Explore Alabama’s natural wonders. Register today for The Alabama Beta, the state’s first 48 hour adventure race benefiting local conservation efforts

Birmingham Alabama
Birmingham Alabama
Photo of Little River Canyon 2017 – by Pat Byington, Bham Now

Want to explore Alabama’s natural wonders, raise money for a good cause and do it all in one weekend? Register for the upcoming The Alabama Beta September 28-30.

Here is how this special, one of a kind event works.

The Alabama Beta  is a 48-hour adventure race that challenges teams of 2-5 to explore the best of Alabama.

This is not an ironman competition or endurance test of elite athletes. All ages and fitness levels are welcome. You can do this with your kids, family members, a group of friends or even by yourself.

Forever Wild
Family hiking DeSoto State Park which has been expanded by the Forever Wild Program. Photo from Alabama Department of Conservation and Natural Resources/Billy Pope

One thing is guaranteed. You will make memories of a lifetime.

Step by step instructions – how The Alabama Beta works

Want to participate? Here is how it works.

Railroad Park at sunset. Photo by AirFowl Photography

Register Immediately

Invite your friends and dream up a team name or sign up solo. Registration is $40 per person. T-shirts are not guaranteed for sign-ups after September 16th so register today!

The schedule

The event, or more appropriately, the party begins on Friday night, September 28 at Cahaba Brewing, where teams will gather to pick up their race packets. Inside, teams will find beta maps and resources for 144 curated challenges across 24 destinations ranging from Birmingham’s “backyard” Railroad Park to the majestic Walls of Jericho in Jackson County.

Here are examples of the challenges (remember there are 144!):

Birmingham
Waterfall at the Walls of Jericho. – photo via alltrails.com
  • Catch the sunrise at a beta location
  • Gather around the Vulcan at Railroad Park
  • Hike up to King’s Chair at Oak Mountain State Park
  • Climb any route on Knob Wall at Cherokee Rock Village
  • Remove a tire from the Cahaba and bring it to Beta HQ
  • Hike down to the waterfall at the Walls of Jericho
  • Climb any route on Grace Wall at Little River Canyon
  • Paddle out onto the Coosa River at a Beta access point

Participants are encouraged to “scout out” their locations in advance. Additional objectives for each challenge will be revealed the week of the event.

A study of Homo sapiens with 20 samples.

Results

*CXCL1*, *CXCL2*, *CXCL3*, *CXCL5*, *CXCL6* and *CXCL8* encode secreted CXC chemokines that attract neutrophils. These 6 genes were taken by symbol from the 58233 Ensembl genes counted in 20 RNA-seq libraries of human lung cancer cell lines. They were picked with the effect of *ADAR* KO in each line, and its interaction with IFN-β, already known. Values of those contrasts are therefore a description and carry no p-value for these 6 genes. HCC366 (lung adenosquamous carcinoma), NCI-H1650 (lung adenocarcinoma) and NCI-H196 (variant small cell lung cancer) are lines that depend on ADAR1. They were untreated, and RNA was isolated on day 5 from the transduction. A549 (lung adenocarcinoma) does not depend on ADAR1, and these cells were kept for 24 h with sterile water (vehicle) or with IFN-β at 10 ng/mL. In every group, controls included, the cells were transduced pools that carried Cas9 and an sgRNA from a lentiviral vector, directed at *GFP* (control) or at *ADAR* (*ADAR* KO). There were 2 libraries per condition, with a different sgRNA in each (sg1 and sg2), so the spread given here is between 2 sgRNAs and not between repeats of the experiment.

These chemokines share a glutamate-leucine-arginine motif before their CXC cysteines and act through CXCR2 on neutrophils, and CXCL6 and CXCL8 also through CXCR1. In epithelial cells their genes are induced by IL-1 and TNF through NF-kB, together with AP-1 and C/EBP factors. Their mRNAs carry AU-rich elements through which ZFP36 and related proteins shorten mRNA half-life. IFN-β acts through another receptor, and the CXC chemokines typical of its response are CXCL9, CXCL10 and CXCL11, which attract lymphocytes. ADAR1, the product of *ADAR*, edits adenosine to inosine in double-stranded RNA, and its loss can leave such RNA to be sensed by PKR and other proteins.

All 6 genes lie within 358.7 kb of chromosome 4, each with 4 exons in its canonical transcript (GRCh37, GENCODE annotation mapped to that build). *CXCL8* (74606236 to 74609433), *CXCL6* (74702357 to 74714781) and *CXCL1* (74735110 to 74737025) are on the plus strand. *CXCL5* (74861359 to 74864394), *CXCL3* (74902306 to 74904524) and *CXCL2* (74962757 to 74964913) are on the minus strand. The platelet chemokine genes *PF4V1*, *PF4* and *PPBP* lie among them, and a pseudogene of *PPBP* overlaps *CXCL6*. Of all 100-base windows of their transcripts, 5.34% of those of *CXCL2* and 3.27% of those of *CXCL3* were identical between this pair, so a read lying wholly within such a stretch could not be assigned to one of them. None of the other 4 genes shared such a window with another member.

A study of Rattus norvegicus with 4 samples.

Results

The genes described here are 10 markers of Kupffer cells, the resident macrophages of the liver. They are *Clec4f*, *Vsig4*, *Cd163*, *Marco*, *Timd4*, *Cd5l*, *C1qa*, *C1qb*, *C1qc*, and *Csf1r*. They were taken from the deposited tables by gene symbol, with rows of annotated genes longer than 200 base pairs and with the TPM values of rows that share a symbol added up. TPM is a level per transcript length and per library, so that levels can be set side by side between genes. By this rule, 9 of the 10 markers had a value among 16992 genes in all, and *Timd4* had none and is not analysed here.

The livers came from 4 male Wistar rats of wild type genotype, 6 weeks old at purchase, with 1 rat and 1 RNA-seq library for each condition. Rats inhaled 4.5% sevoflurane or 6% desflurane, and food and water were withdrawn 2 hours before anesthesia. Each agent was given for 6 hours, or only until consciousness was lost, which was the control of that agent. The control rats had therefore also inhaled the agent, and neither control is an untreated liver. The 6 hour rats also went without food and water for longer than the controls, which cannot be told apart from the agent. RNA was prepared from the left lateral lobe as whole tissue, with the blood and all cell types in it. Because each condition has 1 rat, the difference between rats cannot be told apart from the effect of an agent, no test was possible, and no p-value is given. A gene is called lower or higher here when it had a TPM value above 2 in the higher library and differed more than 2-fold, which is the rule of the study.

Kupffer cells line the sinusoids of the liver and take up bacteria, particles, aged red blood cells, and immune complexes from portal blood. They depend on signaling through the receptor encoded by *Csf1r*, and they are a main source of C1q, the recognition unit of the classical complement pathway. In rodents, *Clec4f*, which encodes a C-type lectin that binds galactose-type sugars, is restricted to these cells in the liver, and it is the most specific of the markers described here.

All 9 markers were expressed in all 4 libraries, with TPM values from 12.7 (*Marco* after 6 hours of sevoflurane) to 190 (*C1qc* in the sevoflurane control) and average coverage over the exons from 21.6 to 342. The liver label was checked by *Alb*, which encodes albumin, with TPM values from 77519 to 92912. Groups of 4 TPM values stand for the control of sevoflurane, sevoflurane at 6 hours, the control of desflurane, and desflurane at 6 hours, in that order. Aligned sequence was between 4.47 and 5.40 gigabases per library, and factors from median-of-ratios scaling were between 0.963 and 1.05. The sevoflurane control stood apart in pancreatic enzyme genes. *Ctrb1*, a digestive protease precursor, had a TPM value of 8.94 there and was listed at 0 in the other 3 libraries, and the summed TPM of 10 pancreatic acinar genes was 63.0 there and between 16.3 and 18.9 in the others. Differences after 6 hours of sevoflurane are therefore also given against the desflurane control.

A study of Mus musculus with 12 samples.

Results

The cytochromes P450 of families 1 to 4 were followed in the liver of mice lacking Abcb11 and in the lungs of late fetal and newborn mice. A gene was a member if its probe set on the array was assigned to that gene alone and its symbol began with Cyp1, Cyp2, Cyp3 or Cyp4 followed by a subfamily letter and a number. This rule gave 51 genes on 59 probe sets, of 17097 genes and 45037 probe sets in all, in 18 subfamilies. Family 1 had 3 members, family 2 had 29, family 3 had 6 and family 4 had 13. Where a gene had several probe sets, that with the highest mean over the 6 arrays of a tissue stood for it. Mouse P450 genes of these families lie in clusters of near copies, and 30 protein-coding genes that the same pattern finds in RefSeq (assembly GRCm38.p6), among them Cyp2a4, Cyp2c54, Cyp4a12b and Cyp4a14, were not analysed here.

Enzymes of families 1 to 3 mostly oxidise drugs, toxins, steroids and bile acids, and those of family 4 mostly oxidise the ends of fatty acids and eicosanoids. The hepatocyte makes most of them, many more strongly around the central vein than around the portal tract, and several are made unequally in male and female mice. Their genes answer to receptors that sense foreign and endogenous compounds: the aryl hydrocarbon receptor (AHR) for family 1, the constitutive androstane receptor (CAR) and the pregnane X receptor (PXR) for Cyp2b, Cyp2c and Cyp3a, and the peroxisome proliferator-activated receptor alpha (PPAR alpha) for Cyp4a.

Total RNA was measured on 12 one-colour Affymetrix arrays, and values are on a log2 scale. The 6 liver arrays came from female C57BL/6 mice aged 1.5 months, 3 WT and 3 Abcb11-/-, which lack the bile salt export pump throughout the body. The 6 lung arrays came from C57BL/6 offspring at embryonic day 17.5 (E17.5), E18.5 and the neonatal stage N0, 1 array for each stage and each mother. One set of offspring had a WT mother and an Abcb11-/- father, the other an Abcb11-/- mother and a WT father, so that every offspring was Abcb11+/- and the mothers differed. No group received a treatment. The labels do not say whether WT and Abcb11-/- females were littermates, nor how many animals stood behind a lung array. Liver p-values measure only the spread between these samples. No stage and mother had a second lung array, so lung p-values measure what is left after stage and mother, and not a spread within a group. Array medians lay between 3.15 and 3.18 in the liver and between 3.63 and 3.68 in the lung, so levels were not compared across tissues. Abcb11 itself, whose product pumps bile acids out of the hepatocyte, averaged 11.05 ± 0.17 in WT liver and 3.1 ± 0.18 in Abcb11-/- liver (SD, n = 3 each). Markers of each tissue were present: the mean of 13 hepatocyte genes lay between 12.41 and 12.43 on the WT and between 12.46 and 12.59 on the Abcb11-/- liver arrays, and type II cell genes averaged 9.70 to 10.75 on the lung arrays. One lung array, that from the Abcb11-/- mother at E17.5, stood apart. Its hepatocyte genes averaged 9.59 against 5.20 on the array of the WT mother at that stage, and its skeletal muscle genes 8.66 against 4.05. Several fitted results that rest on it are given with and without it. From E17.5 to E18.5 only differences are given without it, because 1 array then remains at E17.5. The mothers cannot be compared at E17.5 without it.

Saturday and Sunday Adventures

Photo via Coosa Riverkeeper Facebook page.

Beginning on Saturday morning, your team can venture out to perform the challenges. As it is described on The Alabama Beta website: “Do the thing.”

Sunday Celebration

The race ends Sunday, September 30, around sundown, at Birmingham Boulders, where winners and prizes will be announced at around 8:00pm (you must be present to win).  It will be a big celebration.

Birmingham, Oak Mountain State Park, fishing in Birmingham
Photo via Oak Mountain State Park.

A good cause

Most importantly, proceeds from the The Alabama Beta will benefit the Black Warrior Riverkeeper, Cahaba Riverkeeper, Coosa Riverkeeper and Southeastern Climbers Coalition.

“Black Warrior Riverkeeper is excited to join Cahaba Riverkeeper and Coosa Riverkeeper for The Alabama Beta, a first of its kind adventure race,” said Charle Scribner, Executive Director of Black Warrior Riverkeeper. “The event not only raises money for local Waterkeeper Alliance organizations but also promotes outdoor recreation, a multi-billion dollar industry for the great state of Alabama.”

Register today

Register today.  Make a difference while enjoying Alabama’s natural wonders.

 

Author: Pat Byington

Longtime conservationist. Former Executive Director at the Alabama Environmental Council and Wild South. Publisher of the Bama Environmental News for more than 18 years. Career highlights include playing an active role in the creation of Alabama's Forever Wild program, Little River Canyon National Preserve, Dugger Mountain Wilderness, preservation of special places throughout the East through the Wilderness Society and the strengthening (making more stringent) the state of Alabama's cancer risk and mercury standards.